Non-English letters were not supported, and no non-alphanumeric characters other an - and _ were supported. Also, name could not start with a digit.

What is the situation in R80.10? And if that situation is different, how does that affect pre-R80 gateways?



You can start the object's name with digits.

You can type non-English characters.

You can use spaces and basically any character you like.

The gateways (any version including R80.10) still require English alphanumeric names that must start with letters. During policy installation, any names which cannot be accepted by the gateways are converted to random gateway-accepted names, usually start with "v" followed by a GUID. R80 log servers can translate the gateway-compatible names to the original names given by the user.

This separates the user experience gap from the gateway technology gap.

This is now acceptable by all gateways in all versions:

So is this (Hebrew for "South American Server Farm"):

And so is this (Chinese for "Cloud Agent"):

The only exception is user objects - because these object names actually represent the user identifier by the identity server. So we kept the limitations as enforced by identity servers.

1 Reply

Re: What are the limitations for network object names in R80.10?

Jump to solution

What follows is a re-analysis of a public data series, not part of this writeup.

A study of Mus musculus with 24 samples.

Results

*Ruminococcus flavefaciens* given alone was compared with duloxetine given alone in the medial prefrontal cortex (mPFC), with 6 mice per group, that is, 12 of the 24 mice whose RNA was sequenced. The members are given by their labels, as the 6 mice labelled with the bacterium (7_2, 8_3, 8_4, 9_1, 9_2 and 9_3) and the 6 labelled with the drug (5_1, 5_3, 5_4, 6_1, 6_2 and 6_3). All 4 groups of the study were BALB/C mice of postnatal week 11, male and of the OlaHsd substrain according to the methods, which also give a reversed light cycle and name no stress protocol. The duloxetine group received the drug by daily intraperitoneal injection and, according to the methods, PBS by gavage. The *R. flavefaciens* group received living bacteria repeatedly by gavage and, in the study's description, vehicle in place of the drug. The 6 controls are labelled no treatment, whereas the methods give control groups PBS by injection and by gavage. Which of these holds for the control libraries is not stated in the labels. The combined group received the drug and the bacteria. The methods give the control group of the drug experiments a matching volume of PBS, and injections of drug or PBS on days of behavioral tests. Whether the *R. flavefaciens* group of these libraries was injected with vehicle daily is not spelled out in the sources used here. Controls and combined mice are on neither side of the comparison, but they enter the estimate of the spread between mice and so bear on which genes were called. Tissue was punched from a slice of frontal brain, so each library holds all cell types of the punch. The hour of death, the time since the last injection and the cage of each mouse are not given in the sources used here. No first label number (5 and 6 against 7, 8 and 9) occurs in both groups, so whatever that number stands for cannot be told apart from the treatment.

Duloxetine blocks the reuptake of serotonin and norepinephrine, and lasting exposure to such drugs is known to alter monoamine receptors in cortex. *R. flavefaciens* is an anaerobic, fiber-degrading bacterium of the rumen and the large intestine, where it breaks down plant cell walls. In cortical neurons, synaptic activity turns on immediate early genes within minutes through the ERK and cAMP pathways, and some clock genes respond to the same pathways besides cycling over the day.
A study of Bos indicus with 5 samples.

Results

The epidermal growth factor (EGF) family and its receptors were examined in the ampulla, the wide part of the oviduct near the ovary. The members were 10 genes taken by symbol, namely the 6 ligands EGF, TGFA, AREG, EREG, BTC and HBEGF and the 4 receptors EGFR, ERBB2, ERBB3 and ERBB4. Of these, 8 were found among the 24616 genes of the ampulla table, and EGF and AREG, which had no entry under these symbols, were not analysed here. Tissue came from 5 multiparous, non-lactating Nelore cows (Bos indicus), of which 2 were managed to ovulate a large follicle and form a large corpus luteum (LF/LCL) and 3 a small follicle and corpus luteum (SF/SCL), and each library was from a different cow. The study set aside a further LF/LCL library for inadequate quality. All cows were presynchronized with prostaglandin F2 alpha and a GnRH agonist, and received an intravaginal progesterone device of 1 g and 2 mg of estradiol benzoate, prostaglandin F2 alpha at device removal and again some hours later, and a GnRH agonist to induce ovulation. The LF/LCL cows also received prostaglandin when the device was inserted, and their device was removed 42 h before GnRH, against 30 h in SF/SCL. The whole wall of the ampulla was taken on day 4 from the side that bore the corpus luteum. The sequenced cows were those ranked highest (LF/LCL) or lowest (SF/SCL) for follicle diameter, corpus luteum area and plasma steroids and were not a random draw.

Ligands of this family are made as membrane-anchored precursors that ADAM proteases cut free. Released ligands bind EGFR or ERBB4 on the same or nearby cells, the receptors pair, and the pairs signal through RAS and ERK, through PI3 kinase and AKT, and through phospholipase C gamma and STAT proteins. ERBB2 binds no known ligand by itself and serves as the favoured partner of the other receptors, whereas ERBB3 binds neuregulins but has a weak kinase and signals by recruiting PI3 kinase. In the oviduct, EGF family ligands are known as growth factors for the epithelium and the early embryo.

R80 security management server has removed any limitation for naming your network objects.

You can start the object's name with digits.

You can type non-English characters.

You can use spaces and basically any character you like.

The gateways (any version including R80.10) still require English alphanumeric names that must start with letters. During policy installation, any names which cannot be accepted by the gateways are converted to random gateway-accepted names, usually start with "v" followed by a GUID. R80 log servers can translate the gateway-compatible names to the original names given by the user.

This separates the user experience gap from the gateway technology gap.

This is now acceptable by all gateways in all versions:

So is this (Hebrew for "South American Server Farm"):

And so is this (Chinese for "Cloud Agent"):

The only exception is user objects - because these object names actually represent the user identifier by the identity server. So we kept the limitations as enforced by identity servers.